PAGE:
On 7 April, the West Australian Government announced reforms to its Reserve Capacity Mechanism (RCM), which are aimed at dealing with excess capacity of 1061 MW, or 23 per cent of the total capacity in the South West Interconnected System (SWIS) and reducing costs to consumers. As with the National Electricity Market, the excess capacity is the result of falling demand driven by energy efficiency, declining industrial demand and the increased penetration of rooftop solar.
Ultimately, the reforms outlined in the Public Utilities Office final report, Reforms to the Reserve Capacity Mechanism, will lead to a capacity auction by 2021. In the interim, measures will be implemented to reduce costs to consumers, including lowering capacity payments to power stations and demand side management providers as well as announcing that the state-owned gentailer, Synergy, plans to reduce its plant generation capacity by 380 MW by 1 October 2018.
The WA Government expects the reforms to save $130 million each year and savings are expected to be passed on to consumers from 2017-18.
Full consumer benefits are expected to be achieved from the reforms post 2020 when Full Retail Contestability (FRC) is implemented. A timeline of events which have led to the reform and expected outcomes can be found at the conclusion of the article.
Achieving the balancing act
Balancing a reduction in consumer bills and ensuring future investment in electricity generation is an extremely challenging task. The implementation of policy which leads to controlled and stable exit of surplus capacity is difficult to achieve. The WA Government’s reforms are aimed at achieving a bill reduction for consumers from 2017-18 onward, whilst ensuring generators do not incur significant decreases in revenue. The main tool to achieve this is the introduction of a downward sloping capacity payment curve so that there is a price signal when available capacity exceeds requirements. The slope gets steeper (i.e. payments will be lower for a given level of excess capacity), moving from -3.75 in 2017-18 to -7 in 2023-24. Table 1 shows the slope for the transition administered price curve, which is a revision from the proposed slope of -5 in the draft decision.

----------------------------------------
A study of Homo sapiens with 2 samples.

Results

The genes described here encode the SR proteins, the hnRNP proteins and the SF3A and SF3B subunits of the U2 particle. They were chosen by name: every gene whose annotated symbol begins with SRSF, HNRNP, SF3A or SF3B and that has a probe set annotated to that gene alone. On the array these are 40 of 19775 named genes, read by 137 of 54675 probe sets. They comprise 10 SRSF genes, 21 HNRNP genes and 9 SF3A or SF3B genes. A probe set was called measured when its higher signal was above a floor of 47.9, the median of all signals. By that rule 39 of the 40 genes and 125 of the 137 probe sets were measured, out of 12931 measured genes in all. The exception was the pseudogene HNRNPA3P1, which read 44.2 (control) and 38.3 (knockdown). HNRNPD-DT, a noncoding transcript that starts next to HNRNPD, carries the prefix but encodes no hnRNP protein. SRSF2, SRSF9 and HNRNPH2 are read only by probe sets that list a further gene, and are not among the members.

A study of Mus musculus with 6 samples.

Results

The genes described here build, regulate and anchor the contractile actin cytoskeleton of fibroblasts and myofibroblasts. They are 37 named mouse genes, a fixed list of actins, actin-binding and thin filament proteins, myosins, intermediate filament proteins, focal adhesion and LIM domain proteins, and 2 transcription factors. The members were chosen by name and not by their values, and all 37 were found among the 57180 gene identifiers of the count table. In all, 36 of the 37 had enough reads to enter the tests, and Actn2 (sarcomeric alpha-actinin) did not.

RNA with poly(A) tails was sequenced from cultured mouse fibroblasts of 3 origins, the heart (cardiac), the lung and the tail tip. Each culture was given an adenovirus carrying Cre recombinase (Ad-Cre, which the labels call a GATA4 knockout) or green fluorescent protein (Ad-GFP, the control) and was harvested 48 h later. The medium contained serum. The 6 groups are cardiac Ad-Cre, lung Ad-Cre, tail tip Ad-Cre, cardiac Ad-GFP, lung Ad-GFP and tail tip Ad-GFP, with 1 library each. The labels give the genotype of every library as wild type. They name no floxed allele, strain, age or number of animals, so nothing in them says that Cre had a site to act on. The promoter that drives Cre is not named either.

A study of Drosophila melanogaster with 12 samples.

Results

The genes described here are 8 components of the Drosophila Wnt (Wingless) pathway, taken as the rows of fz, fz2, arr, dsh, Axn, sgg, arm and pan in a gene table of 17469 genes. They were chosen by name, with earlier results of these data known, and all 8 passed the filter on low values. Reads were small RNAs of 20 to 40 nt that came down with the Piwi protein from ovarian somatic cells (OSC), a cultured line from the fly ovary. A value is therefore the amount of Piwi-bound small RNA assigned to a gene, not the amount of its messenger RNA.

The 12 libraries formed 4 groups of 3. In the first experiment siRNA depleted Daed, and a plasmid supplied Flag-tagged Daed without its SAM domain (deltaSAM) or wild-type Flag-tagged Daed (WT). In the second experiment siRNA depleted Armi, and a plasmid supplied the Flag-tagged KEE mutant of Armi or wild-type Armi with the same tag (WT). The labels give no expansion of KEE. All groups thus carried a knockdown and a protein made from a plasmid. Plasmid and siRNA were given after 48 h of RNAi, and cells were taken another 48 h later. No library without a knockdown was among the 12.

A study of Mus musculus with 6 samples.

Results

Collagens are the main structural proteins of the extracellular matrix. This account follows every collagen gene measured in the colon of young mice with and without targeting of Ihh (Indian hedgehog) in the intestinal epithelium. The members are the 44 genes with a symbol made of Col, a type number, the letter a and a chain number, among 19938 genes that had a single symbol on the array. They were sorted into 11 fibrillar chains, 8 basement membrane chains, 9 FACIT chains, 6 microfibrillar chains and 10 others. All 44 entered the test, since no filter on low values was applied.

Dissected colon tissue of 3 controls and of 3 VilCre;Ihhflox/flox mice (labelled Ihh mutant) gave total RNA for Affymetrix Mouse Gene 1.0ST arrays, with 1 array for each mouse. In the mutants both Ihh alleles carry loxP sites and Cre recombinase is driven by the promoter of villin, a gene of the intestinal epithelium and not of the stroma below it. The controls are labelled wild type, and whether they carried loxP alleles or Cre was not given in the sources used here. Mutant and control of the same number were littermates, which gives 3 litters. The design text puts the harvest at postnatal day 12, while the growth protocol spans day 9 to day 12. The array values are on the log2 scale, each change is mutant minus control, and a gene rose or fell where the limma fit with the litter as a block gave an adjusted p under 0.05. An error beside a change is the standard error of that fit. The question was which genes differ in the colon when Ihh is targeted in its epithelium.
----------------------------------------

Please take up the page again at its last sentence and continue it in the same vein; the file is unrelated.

The increasing downward slope of the capacity payment would indicate a decreasing price paid to participants in the capacity market over the outlook period, however this decrease will be offset by the exit of 380 MW of Synergy’s generation capacity, where if all else stays equal, the price paid to participants in the transitional RCM will rise on the price curve.
Demand Side Management (DSM) has previously been included in the RCM and paid the same price as generators. The interim arrangements will remove DSM from the RCM and providers will be paid a separate capacity payment price. After the capacity auction is triggered (the trigger mechanism is outlined further below), DSM providers will be required to meet standards outlined in Table 2 to participate in the auction. Table 2 shows the proposed reforms to DSM availability. The proposed reforms ensure both DSM and generation facilities are providing a consistent service that offers the same benefits to the electricity market and therefore are able to bid in the same auction.
The Electricity Market Review expects the above changes to reduce the volume demand side providers initially by 220 MW due to their inability to meeting the proposed requirements. A further 90 MW is expected to exit the market due to commercial decisions.
In 2016, a detailed auction design will be developed by the Electricity Market Review. The timing of the first auction will be at the first of two triggers, either:
The following high level design will be implemented in the auction:
Timeline of events:
A video representation of the timeline of events that led to the reform and expected benefits is available on a website dedicated to educating the general public about the reform is available here. The video outlines why the RCM was introduced and the factors which have led to both the introduction and the current oversupply of capacity. Key points of the video are:
2004: Widespread blackouts, 1 million people have restricted or no power supply.
2006: Unprecedented economic growth leads to the need for more capacity as Western Australia becomes the fastest growing state in Australia. New apartments and suburbs continue to pop up as people continue to migrate to the state. The Reserve Capacity Mechanism is introduced to ensure a reliable supply of electricity for the continued economic growth and increasing population.
2008: The Varanus Island gas explosion shut down 33 per cent of Western Australia’s gas supply. Households were asked to conserve their energy usage, highlighting the urgent need for increased diversity in the generation mix.
2010: Solar panels are introduced and due to a mix of generous government incentives the penetration rate of these has now reached 20 per cent.
2014: Energy usage continues to decline following reduced commercial and industrial usage after the Global Financial Crisis. Increased penetration of residential and commercial PV and increased energy efficiency measure have led to a surplus of capacity.
2016: The aforementioned reform is expected to reduce costs by up to $130 million from 2017-18 onward.
2020: Full benefits of reform are now in place and customers are now subject to FRC where they are able to choose a retailer of their choice and shop around for the best available market offer.